Community Outreach Services is contemplating moving its food pantry to the vacant Kennebunk Teen Center. The agency has been temporarily located at Vinegar Hill Music Theatre in Arundel. Dan King photo

KENNEBUNK — Community Outreach Services food pantry has been serving three times the number of household units as they did prior to the coronavirus pandemic.

And while the numbers are starting to decline, the organization is looking to introduce some future changes in the way it provides services to their neighbors in need to make the process more efficient.

The agency is also looking for new space, and while its board of directors has not yet taken a vote, said Executive Director Mark Jago, the Kennebunk Select Board has agreed to allow COS to operate the food pantry at the former teen center on Park Street.

“We have been very fortunate to have the space at Vinegar Hill Music Theatre, given us in April as a temporary location by Tim Harrington, for the purpose of serving the communities of Kennebunk, Kennebunkport and Arundel during this pandemic and hunger relief crisis,” said Jago. “We outgrew our former space and viability at our St. Martha’s location with the changes to curbside pickup and the increased demand. While we have been grateful for (St. Martha’s) letting us use their facility for many years, we knew another building was necessary. Vinegar Hill supplied that immediate need.”

Jago said the agency has gone from serving 50 to 60 household units consisting of two to four people a week, to three times that number and more — to 180 to 200 families a week — especially, he said, during the peak of COVID-19.

“We have recently seen these numbers decrease a bit … perhaps due to the fact that some have begun going back to work,” said Jago. “Hard to predict where we will be this fall.”

Kennebunk Community Development Director Chris Osterrieder introduced the prospect of allowing Community Outreach Services to use the vacant teen center building to the select board at a recent meeting.

He said the agency has been looking at changing the mechanics of how they provide food services — which he said would give the agency more capacity.

“It is a tremendous win for the community,” said Osterrieder of the agency. “We realized they are seeking space, and we have space available.”

There is some work that must be done to the building; Osterrieder gave a rough cost estimate of between $9,000 and $15,000. Select Board Chair Blake Baldwin noted the town had received $50,000 in donations aimed at such matters.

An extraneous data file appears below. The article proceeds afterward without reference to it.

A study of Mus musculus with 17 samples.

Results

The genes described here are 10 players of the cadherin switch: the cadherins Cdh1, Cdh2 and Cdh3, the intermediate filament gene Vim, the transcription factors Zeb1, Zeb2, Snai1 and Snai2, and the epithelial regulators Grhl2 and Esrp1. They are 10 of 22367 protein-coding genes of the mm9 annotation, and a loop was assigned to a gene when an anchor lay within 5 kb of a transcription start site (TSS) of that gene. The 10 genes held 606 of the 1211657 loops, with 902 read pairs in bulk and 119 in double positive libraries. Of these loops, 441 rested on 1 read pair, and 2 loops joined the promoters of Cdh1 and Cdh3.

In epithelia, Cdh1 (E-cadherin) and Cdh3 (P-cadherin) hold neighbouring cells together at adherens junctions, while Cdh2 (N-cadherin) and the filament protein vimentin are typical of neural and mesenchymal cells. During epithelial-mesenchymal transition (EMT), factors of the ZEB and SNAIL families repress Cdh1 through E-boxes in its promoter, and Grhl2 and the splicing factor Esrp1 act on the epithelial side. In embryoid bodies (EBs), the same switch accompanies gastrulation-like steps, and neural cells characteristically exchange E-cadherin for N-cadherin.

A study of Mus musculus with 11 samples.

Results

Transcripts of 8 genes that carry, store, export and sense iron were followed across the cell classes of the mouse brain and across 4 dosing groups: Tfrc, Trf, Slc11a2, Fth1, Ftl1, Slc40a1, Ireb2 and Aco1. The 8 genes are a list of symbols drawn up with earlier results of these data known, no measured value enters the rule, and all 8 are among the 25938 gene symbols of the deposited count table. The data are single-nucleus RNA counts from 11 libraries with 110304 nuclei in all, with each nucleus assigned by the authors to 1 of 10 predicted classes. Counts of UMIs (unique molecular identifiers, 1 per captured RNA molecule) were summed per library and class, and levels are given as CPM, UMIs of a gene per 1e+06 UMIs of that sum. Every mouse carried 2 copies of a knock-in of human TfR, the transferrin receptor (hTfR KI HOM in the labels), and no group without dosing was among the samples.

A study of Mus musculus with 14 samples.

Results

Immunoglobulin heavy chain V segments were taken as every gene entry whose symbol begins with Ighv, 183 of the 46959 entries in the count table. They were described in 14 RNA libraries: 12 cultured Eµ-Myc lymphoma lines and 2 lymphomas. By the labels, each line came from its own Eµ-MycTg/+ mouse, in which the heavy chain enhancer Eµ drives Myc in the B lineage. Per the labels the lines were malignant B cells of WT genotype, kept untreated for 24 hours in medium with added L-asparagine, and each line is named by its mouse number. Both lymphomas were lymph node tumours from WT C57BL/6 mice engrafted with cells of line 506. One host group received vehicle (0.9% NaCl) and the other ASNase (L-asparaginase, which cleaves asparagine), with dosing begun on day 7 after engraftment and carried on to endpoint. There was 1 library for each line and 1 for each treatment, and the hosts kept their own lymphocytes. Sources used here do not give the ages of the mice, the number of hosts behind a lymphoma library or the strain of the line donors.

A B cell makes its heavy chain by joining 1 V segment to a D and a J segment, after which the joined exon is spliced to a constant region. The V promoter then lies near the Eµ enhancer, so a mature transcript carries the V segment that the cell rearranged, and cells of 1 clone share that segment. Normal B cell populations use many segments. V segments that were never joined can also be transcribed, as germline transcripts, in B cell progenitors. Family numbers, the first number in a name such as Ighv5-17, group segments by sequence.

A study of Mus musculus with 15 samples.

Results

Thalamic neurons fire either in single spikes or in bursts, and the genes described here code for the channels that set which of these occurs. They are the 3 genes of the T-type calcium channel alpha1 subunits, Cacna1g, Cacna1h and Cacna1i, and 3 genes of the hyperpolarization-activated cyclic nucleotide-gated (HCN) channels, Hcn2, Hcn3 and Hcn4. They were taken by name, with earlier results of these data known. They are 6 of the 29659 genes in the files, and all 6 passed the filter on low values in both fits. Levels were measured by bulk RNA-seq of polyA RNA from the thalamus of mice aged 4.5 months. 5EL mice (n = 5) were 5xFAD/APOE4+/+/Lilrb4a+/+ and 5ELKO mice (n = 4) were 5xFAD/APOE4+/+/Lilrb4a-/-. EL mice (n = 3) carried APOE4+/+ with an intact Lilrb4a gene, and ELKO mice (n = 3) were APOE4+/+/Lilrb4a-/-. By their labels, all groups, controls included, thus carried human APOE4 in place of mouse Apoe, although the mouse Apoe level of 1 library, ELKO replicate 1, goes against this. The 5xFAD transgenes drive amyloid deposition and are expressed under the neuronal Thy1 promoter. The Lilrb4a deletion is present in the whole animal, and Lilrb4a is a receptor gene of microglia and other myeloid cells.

Osterrieder said some of the work could be done in-house.

Select Board member Ed Karytko said the public works department is short staffed and doesn’t have the time to do what it needs to now.

Osterrieder noted public works would lead the effort, conducted by interns and other internal staff.

“Over the last year we’ve seen an … expansion of the social services need in this town. This is an opportunity for the town to step in and fill a need that’s there,” said Select Board member Wayne Berry.

“It is a really important service to our community COS provides,” said Select Board member Shiloh Schulte.

The board voted 6-1, with Karytko dissenting, to allow Town Manager Mike Pardue to enter into a memorandum of understanding with COS to operate the food pantry at the teen center.

In a recent email, Jago said no decisions had been made as yet by the board of directors.

To meet the increased need in demand, in April COS hired David Higham, who has a background in the food and restaurant industry, to help with operations and to revamp the system to make it easier for people to secure the food they need. The revamping will allow COS to be more effective in offering choices, which in turn eliminates waste and allows COS to maintain better financial controls, said Jago.

One of the new features will allow patrons to call or go online and create an appointment. Community Outreach Services will continue to work with the general assistance offices in Arundel, Kennebunk and Kennebunkport.

“No more long lines, no more waiting in hot cars or cold temps,” said Jago. “No more having to not get food because they can’t make it Tuesday night or Friday morning or cannot drive.”